Unlikely places to find one-time Academy Award-winner Adrien Brody: as a growly "stone-cold mercenary" traipsing through a hostile jungle environment in pursuit of that most intangible and elusive of beasts - a copper-bottomed hit. The name-recognition sequel Predators has Brody's Royce heading up a team of what the script describes as "heavy hitters" - a Yakuza (Louis Ozama Changchien), a former member of the Sierra Leone death squads (Mahershalalhashbaz Ali), the FBI's most wanted (Walton Goggins), a sexy sniper chick (Alice Braga) and Danny Trejo - tossed unknowingly out of a plane into woodland that proves doubly deadly. Not just the natural habitat of the all-devouring, lesser-spotted Predator (we're assured the species has evolved, although its MO appears much the same), it's also been boobytrapped by all those who've tried to hunt the creature in the past. Look sharp for the Bill Oddie cameo.
Best to get the cynicism out of the way early doors: yes, Predators is a cash-strapped major studio's way of renewing their dwindling revenue streams by rebooting one of their most enduring franchises - but, as produced by Robert Rodriguez and directed by Nimród Antal, it displays, in itself, just about the right level of genre smarts to pass muster. The opening 45 minutes, certainly, are an improvement on 2008's utterly disposable Aliens vs. Predator: Requiem, currently languishing in a DVD bargain bin near you. Screenwriters Alex Litvak and Michael Finch have shrewdly recycled elements from Lost (the motley crew trying to work each other and their predicament out), Cube (all the while engaged against the ultimate killing machine), the Jurassic Park movies (with the Predators as T-Rexs; there's other, no less threatening indigenous wildlife to duck and dodge first) and that hardy genre perennial The Most Dangerous Game (man as both hunter and hunted, at the mercy of presumably very rich off-screen forces).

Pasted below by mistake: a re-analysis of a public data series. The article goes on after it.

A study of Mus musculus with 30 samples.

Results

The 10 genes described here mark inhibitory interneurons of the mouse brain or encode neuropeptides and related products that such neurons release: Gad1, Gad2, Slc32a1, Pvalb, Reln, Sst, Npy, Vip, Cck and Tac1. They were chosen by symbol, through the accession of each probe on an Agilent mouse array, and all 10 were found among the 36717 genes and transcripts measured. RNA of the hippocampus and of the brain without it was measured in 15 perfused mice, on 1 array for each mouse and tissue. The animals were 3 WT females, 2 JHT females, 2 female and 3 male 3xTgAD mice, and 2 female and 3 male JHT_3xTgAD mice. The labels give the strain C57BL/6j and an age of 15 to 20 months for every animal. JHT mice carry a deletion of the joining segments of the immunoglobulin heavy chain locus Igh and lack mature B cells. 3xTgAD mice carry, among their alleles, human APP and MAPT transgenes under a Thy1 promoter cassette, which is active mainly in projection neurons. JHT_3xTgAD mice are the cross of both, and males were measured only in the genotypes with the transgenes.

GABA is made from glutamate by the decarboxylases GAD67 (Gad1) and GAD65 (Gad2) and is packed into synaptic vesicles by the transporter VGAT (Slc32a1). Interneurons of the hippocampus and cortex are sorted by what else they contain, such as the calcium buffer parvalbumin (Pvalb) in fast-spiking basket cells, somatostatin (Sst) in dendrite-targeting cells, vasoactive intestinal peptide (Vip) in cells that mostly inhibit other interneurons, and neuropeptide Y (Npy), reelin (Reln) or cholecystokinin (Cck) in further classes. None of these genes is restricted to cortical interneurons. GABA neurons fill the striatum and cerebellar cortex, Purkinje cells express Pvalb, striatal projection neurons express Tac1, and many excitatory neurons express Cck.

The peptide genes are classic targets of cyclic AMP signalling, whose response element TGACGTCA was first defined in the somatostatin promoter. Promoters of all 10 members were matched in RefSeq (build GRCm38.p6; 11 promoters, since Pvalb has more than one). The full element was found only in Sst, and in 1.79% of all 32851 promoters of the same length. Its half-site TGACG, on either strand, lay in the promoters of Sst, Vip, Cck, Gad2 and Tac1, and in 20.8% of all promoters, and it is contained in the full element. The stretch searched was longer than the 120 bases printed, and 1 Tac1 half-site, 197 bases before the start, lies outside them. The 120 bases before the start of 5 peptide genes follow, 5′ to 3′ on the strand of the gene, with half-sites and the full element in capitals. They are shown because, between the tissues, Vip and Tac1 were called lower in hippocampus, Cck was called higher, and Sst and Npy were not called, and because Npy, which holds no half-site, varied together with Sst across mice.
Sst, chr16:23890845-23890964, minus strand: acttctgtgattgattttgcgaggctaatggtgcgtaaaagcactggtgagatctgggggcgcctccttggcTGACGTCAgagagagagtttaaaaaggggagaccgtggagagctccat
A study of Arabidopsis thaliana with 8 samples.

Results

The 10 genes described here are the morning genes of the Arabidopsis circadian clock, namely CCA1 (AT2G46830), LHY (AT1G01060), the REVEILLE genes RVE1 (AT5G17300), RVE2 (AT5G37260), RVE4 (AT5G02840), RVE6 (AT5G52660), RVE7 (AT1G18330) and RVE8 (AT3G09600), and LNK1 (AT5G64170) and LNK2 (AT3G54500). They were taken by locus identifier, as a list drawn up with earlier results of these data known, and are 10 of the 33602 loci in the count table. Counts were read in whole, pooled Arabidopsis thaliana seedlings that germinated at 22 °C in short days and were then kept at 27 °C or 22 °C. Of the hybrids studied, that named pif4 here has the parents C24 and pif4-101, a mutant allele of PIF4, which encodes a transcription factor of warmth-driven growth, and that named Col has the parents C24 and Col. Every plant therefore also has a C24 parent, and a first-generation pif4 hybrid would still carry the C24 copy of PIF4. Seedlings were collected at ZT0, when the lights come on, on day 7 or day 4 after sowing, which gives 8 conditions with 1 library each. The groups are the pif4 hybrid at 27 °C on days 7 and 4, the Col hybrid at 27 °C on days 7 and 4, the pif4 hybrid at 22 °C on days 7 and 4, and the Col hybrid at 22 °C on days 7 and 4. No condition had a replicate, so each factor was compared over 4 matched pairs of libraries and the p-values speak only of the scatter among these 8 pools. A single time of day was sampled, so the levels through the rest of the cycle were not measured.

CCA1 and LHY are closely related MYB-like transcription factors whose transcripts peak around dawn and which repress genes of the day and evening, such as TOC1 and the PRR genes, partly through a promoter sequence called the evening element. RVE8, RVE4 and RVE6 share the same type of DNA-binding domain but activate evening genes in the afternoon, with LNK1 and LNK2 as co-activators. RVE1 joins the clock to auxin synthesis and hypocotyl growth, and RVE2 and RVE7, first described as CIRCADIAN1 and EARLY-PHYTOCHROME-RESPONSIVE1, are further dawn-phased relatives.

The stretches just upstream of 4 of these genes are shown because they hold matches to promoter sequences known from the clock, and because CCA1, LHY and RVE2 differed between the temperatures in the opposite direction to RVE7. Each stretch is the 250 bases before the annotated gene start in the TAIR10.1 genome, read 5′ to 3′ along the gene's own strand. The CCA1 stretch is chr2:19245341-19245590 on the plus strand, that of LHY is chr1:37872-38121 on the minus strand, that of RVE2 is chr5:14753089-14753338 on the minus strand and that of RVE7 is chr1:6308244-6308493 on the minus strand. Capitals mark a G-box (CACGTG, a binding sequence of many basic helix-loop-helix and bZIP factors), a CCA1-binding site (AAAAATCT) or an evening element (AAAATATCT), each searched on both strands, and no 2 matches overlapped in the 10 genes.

Jobbing Hungarian émigré Antal is an unusual choice for this gig, given that his work - pulpy and generic as it has been in spots - has mostly been concerned with interiors: think the Budapest subway system in his international breakthrough Kontroll, the interlocking motel rooms in 2007's Vacancy, or the locked security van holed up inside the disused industrial premises in last year's thoroughly boxy Armored. In fact, while events take a left turn around the halfway mark with the introduction of Laurence Fishburne (an Armored veteran) as a deranged survivor of earlier carnage, interest takes a pronounced dip during a second act in which he lures Royce's crew back to his place - and effectively shuts out any threat the Predators pose.
Briefly, the film turns into Aliens - the production design, all caves and pipework, acknowledges as much - and becomes a good deal stuffier and more familiar for it, although as the final act suggests Predators also wants to be considered as a samurai movie, and as a Vin Diesel opus starring Adrien Brody (holding up his end of the bargain adequately, enhanced abs and all), we might, perhaps, give the filmmakers marks for eclecticism, if not originality; the ending, blatantly setting up a potential Predator3, nevertheless has the authentically downbeat tenor of pulp. In the end, it is just more product - product that, like its target audience, probably needs to get out more - but it's product that pretty much fulfills its lowly remit, and in a summer of major American squibs and duds, we might be grudgingly grateful for that.
Predators opens in cinemas nationwide today.